During this pandemic, I’ve felt a shift. And last week when I rolled down my car window and held out my arm is one example. I almost forgot to feel the poke. And this was because of the voice coming in the window on the other side of the car. The man preparing to vaccinate my husband spoke with economy. Every word counted. But his tone—sympathetic and exquisitely courteous—kept him from sounding abrupt.
I had known someone who spoke like this. I reached into my memory, but I couldn’t find the name. So I turned my head to see. This didn’t help. I could barely see his face, covered as it was with a mask and a pair of glasses and a hat pulled down against the chill. But when he spoke again, I knew.
“Richie Boyd?” I asked.
He bent to look across the car. And I saw his struggle to recognize me. We had both changed since he sat in my gifted class. He had grown taller and broader and now carried himself like an adult who had made his way in the world. I was different, as well. Above my mask, he saw a woman with wrinkles and silvered hair, who looked like she belonged in the 65-and-older vaccine line.
But he, too, bridged the years.
“Mrs. Swartz!” he said.
And he wasn’t the first former student to care for me in this pandemic. One evening soon after the pandemic began, our governor called for Ohioans to look out for senior citizens.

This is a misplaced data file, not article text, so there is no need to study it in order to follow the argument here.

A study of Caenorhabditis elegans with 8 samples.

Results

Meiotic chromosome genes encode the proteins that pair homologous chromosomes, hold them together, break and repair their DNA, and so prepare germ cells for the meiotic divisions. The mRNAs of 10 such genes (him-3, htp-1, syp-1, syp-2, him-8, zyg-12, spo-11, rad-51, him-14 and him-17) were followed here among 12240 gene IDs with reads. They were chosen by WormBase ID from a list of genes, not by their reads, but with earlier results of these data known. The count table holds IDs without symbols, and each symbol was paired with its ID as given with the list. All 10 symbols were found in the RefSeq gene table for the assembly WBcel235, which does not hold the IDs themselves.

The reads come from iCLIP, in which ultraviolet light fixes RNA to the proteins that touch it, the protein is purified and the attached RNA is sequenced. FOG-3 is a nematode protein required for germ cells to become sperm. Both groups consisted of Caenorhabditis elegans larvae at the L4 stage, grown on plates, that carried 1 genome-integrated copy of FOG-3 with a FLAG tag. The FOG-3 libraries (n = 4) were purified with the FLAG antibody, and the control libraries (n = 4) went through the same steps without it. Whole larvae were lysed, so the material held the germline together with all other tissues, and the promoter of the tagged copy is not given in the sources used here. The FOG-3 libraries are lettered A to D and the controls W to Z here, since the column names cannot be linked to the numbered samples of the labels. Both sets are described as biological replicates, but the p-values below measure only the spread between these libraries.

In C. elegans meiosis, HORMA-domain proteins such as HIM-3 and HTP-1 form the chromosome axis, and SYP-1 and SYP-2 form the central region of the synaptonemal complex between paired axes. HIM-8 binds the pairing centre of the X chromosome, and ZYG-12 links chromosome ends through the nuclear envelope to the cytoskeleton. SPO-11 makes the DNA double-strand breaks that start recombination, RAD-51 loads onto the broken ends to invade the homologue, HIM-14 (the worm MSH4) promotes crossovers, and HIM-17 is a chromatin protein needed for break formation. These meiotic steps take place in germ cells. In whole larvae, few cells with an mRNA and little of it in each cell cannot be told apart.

“Pick up your telephone,” he said. “Give them a call.”
That evening my phone rang.
“I’m calling to check on you,” a former student said
The mayor of our town, who was once in my seventh-grade English class, has led our small city through this strange year, asking people to care for each other and setting up structures to make this happen. In the grocery store, former students who usually offer a hug have been taking two steps back. And when they want to talk, they send me Zoom links instead of ringing my doorbell. But the biggest shift is that, instead of launching instantly into a recitation of their lives, they’re asking about mine, genuinely wanting to know how I’m doing.
This feeling of being watched over by those I used to tend is strange, a reminder of my mortality. But how satisfying to see students who once couldn’t find their pencils now running the world!